Crude oil imports into Asia this month are expected to rise by 8.6% on the month as refineries in China and India exit maintenance season, Reuters’ Clyde Russell reported today, citing data from Refinitiv.
The rebound follows a decline in Asian crude imports in April when the total dropped to the lowest in seven months. The numbers sparked concern about the outlook for oil demand as Chinese economic indicators also suggested a less smooth than expected post-pandemic recovery.
Yet it seems the biggest reason for the decline was refinery maintenance, based on the strong rebound expected for this month when Refinitiv estimates total Asian imports would hit 27.73 million barrels of oil daily.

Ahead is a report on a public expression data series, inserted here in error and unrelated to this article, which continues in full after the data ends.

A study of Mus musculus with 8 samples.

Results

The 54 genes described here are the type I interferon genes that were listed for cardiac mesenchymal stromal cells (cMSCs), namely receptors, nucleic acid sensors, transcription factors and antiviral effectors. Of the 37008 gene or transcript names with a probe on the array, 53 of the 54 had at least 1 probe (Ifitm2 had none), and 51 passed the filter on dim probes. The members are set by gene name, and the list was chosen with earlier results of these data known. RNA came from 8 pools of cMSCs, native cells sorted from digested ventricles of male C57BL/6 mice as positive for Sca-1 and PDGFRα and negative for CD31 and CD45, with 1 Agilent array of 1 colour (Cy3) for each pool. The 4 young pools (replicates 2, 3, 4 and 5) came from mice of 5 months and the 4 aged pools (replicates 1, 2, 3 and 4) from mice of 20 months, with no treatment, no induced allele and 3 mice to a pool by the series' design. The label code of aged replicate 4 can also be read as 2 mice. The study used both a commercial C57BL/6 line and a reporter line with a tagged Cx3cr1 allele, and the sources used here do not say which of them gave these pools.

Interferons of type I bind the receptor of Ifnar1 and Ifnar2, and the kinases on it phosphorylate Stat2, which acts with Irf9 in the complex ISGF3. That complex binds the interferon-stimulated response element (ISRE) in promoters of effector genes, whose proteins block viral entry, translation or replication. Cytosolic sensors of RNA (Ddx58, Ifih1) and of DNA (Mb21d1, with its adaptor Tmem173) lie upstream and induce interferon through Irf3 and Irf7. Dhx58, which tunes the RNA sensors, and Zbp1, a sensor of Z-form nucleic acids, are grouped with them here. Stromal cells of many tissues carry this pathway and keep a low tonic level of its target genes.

For China specifically, the data service provider expects oil inflows at a rate of 11.96 million barrels daily, up by as much as a million barrels daily from April. Imports from Russia are seen hitting 2 million barrels daily, up from 1.74 million bpd last month.
Almost the same amount of Russian crude is seen going to India this month, at 1.97 million bpd. Imports from Saudi Arabia, the subcontinent’s second-largest supplier are seen falling to 570,000 bpd from 690,000 bpd in April, and so are imports from Iraq—India’s number-three supplier.
Meanwhile, Reuters’ Russell notes that India’s future fuel exports may be under threat as EU officials get uncomfortable that the fuels EU countries buy from India are probably produced from Russian crude.
Just how serious this threat is, however, is yet to be seen because there are not a lot of alternative suppliers of the amounts of fuel the EU still consumes despite its green push.
China’s fuel exports are also set for a decline, but for a different reason: the exhaustion of the first batch of export quotas for the year. Russell noted that a further rebound in local demand will also lead to lower exports.